Amazon fights Walmart in the ‘last mile’ race



Posted on 06/26/2017 by David Radke


"The last mile problem is a crucial challenge in logistics."

In transportation and supply chain management, as well as telecommunications, a primary goal is solving what's known as the "last mile problem." Essentially, it involves understanding the mismatch between the most efficient way to transport a large number of goods, and the most accurate way to get those individual parcels to a customer's doorstep. Moving items over trucks, railways, airplanes and ships is obviously the cheapest and fastest way to move a large amount of product from point A to B. But a disproportionate share of the costs - as much as 28 percent according to a University of Delaware study - is taken up by the final leg of the journey. In short, the final mile of a delivery could end up costing more than the previous 500.

Therefore, solving the last mile problem has become crucial in the hyper-competitive e-commerce industry. One possible solution is one of brute force, which Slate reporter Daniel Gross argues for. Gross noted that a fellow business writer summed up the Amazon/Whole Foods deal as boiling down to "431 upper-income, prime-location distribution nodes for everything [Amazon] does."

Why the last mile matters

The last mile becomes an even bigger problem when dealing with perishable goods, as Amazon's grocery service already does. Many of these items may spoil if left in the heat for too long. Food like produce is also harder to pack into square boxes, which means precious cargo space quickly disappears. Finally, Amazon and most other online retailers usually need to outsource delivery anyway, giving them less control over the last mile, but still responsible for any mistakes.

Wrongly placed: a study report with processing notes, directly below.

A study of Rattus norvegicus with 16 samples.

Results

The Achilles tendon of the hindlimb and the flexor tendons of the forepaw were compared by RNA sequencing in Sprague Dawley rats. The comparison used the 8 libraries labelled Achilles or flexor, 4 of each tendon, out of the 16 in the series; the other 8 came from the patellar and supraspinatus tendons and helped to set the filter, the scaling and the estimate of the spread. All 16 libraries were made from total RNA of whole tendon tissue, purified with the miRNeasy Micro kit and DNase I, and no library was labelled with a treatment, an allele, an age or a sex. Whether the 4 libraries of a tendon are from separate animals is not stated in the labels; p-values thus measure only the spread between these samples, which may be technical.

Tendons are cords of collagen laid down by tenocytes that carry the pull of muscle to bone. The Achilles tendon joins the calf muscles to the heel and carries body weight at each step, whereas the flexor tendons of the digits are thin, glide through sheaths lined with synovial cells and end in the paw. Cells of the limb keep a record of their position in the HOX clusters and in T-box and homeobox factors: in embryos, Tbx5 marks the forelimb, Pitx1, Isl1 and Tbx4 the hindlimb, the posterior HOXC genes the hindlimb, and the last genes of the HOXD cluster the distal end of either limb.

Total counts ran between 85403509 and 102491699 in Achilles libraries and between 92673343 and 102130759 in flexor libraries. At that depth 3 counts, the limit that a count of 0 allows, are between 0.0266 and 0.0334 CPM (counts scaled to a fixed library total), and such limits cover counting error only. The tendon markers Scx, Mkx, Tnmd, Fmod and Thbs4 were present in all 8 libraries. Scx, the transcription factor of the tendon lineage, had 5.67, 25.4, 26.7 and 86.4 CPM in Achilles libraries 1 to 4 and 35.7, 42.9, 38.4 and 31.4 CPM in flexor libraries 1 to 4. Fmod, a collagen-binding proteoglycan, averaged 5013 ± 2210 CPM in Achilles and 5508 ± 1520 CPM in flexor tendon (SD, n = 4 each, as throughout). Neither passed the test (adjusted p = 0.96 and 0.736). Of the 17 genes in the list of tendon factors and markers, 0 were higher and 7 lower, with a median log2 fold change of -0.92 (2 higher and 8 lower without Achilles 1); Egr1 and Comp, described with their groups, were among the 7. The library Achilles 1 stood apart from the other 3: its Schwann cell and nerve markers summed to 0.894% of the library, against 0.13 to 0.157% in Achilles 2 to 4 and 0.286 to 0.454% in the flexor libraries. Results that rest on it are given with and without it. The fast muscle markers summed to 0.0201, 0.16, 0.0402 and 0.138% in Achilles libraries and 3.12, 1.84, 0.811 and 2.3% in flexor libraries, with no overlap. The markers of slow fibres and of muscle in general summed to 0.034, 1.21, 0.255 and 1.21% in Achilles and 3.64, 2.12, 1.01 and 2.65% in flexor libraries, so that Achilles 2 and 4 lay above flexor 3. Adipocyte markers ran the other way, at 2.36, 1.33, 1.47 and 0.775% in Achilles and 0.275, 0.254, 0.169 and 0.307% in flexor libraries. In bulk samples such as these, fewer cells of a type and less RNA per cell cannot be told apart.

As Gross pointed out, the last mile was less of an issue in the recent past, when brick-and-mortar stores essentially took on this role. Stores can stock a surplus of goods and still provide personalized service at less cost than delivery. But that means essentially shifting the last mile investment from the business to the consumer. Amazon, as well as established retailers like Walmart, have been working to ease that burden in the digital age.

Walmart makes its move

With its purchase of Whole Foods, Amazon could gain a leg up on Walmart, which now directly competes with the e-commerce giant in some of the same product categories. Walmart recently introduced an option to pick up items in-store, or even curbside, at some locations, making it easy for customers to shop online. Amazon will no doubt look to expand on this concept by converting Whole Foods locations into pickup and drop off centers. 

On the same day the Amazon/Whole Foods deal was announced, Walmart revealed its own new plans to grow its digital business, purchasing the online men's fashion service Bonobos. As Neil Irwin of The New York Times explained, these two deals between two competing corporate monoliths represent a broader shift in the global economy. It's a shift that particularly impacts the transportation industry, since trucks and drivers will be on the front lines of the last mile.

As Irwin explained, this can be both a positive and negative development for many different industries, including transportation. On one hand, it means Amazon and Walmart will certainly continue to hire and invest in people and technology involved in transporting goods. On the other hand, it means these two giants will continue to dominate a large swath of the global economy. Irwin and others have argued that this phenomenon is expanding the gap between the companies that succeed and those that fail, with implications for their employees' incomes and job prospects. Only time will tell how serious this effect will be in total.